It didn't necessarily need to be this book that I could have argued with. I've been meaning to re-read Marcus Borg's The Heart of Christianity, and I just as easily could have started arguing with that instead. But I chose Wright because of the first two reasons listed above, but mainly to use it to discover where I stand nowadays on this or that theological issue. So there'll probably be an occasional post here and there as I look through this book...like now.
The second chapter is entitled "The Hidden Spring," in which Wright presents a somewhat tedious allegory of a dictator who cements over all natural water supplies except the ones he pre-approves as being best for his people. Eventually, the springs break through the concrete, and chaos ensues. I just took two sentences to do what he feels the need to do in a page and a half. Anyway, here's his conclusion:
We in the Western world are the citizens of that country. The dictator is the philosophy that has shaped our world for the past two or more centuries, making most people materialists by default. And the water is what we today call "spirituality," the hidden spring that bubbles up within human hearts and human societies.In other words, Wright argues that we've lately been experiencing a great rise in spiritual thirst that has been suppressed by things such as secularism, skepticism, materialism, and a relegation of belief to the sidelines of public life. The "official channels" such as institutional churches, have provided inadequate means to quench this thirst, and thus people have been searching outside traditional forms. Wright cites various New Age religions, among other things, as signs of this new quest undertaken by so many. But then he draws a strange conclusion:
[A]ll this fundamentalism, with militant Christians, militant Sikhs, militant Muslims, and many others bombing each other with God on their side. Surely, say the guardians of the official water system, all this is terribly unhealthy? Surely it will lead us back to superstition , to the old chaotic, polluted, and irrational water supply?Wright's main point is that if a society tries to pave over "spirituality," people will seek to quench their thirst any way that they can. People will look outside "pre-approved channels" for this water if they are dissatisfied with what is offered.
They have a point. But they must face a question in response: Does the fault not lie with those who wanted to pave over the springs with concrete in the first place? September 11, 2001, serves as a reminder of what happens when you try to organize a world on the assumption that religion and spirituality are merely private matters, and that what really matters is economics and politics instead...What should we say? That this merely shows how dangerous "religion" and "spirituality" really are? Or that we should have taken them into account all along?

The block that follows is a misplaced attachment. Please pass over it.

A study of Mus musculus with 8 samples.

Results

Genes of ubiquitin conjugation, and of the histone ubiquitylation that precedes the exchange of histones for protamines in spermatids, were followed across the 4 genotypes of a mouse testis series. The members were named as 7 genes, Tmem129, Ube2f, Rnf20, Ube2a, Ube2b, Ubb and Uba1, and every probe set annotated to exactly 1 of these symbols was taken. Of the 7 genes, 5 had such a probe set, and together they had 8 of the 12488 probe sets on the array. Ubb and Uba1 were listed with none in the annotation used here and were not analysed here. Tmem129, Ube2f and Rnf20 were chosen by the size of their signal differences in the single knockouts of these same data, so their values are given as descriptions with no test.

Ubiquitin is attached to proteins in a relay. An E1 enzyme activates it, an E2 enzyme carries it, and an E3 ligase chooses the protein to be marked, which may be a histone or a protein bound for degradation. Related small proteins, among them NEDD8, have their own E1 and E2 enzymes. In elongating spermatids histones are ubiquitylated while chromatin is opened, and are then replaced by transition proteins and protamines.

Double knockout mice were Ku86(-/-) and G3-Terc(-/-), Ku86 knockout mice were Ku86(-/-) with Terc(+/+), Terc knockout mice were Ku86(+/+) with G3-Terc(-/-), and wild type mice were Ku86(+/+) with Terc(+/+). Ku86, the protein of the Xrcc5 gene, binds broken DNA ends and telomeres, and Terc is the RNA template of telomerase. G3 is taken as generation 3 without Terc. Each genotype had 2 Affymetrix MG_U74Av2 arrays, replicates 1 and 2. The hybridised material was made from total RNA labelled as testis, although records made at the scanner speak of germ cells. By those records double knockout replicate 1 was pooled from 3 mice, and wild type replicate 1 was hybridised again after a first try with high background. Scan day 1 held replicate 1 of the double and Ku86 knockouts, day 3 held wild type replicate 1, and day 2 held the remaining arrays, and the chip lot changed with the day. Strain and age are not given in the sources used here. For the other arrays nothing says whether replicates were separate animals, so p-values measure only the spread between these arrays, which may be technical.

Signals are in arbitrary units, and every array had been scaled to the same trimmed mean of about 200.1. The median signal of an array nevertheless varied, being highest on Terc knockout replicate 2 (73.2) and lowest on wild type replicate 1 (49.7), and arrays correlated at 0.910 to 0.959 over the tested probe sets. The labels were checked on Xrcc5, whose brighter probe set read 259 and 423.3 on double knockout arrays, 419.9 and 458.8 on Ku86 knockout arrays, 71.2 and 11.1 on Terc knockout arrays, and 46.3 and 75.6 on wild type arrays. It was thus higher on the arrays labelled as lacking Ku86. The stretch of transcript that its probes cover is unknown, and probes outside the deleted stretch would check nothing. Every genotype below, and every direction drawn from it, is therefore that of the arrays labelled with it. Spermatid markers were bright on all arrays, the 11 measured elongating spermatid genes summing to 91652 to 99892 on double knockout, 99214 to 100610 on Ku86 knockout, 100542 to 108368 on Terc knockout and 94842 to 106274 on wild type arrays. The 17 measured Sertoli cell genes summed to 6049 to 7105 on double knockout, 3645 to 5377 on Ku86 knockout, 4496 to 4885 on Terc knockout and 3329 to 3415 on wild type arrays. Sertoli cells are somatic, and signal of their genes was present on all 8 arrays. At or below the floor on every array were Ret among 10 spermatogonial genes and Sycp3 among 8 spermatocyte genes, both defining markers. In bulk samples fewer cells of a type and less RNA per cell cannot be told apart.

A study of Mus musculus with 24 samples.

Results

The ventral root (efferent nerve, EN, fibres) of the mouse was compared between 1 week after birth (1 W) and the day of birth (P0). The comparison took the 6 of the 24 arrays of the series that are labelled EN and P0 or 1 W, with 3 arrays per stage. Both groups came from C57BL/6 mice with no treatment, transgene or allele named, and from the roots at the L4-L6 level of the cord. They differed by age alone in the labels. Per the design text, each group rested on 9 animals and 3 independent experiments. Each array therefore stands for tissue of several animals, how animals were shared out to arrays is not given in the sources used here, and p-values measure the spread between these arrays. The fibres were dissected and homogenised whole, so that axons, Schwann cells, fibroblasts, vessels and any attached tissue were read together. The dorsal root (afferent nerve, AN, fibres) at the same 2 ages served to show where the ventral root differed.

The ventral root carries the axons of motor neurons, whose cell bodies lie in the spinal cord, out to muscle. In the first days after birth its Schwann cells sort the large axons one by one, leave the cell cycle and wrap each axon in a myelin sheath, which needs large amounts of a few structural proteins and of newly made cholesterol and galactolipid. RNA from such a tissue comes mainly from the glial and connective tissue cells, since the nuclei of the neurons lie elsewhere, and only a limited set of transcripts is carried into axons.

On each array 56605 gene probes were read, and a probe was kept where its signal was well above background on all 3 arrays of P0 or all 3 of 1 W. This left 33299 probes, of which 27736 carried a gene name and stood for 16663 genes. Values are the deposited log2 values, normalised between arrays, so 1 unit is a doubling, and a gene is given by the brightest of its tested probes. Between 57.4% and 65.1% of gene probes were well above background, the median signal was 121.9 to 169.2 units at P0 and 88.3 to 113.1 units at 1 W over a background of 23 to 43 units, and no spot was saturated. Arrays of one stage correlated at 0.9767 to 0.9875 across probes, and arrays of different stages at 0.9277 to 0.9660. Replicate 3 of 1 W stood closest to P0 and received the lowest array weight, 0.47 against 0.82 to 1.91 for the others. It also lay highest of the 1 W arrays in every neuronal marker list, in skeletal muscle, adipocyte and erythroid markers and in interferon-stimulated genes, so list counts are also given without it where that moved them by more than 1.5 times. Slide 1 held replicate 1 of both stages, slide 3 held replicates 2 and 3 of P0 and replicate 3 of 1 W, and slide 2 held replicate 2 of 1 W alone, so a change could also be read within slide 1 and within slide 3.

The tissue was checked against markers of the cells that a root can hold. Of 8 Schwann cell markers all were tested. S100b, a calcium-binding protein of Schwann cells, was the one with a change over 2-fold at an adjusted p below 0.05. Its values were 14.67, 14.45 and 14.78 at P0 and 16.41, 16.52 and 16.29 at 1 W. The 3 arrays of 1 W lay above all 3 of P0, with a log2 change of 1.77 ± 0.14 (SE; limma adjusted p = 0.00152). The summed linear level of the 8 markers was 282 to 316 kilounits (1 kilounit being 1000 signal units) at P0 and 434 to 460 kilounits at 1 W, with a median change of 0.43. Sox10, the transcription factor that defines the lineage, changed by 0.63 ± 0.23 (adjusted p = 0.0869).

The problem is with where Wright takes this argument in the quote above, arguing that fundamentalism is one answer to this thirst. Even more absurd is the implication that if "spirituality" hadn't been suppressed the way that it has, if people had been more free to explore and question and believe, an event like 9/11 wouldn't have happened.
This almost smacks of Falwell's "if only the secularists hadn't taken over this country" explanation.
As it was originally conceived in the 19th century, fundamentalism was a certain reaction to perceived "paving over" of religious belief, but it was and is much more a movement from within religion rather than a reaction to a larger societal problem. People who subscribe to fundamentalism of various forms don't go looking elsewhere to satisfy thirst; they seek to purify the water supply they already have--perhaps even one "proper channel"--and then seek to cut off all other supplies while claiming theirs is the one truly pure source.
In other words, fundamentalism isn't one more example of a larger spiritual thirst...it ultimately seeks to be the pavement. Wright is correct that the pavement may begin as a reaction to this mindset, but fundamentalism only seeks to use their own brand of concrete. To suggest that secularism led to 9/11 is, to me, both to misunderstand the specifics surrounding that event and to misunderstand the causes and aims of fundamentalism.
This larger movement to satisfy spiritual thirst that Wright describes looks outside the usual means if it has to. Fundamentalism defines more narrowly what one may drink, and who may drink it. The latter, in my view, is a completely different movement.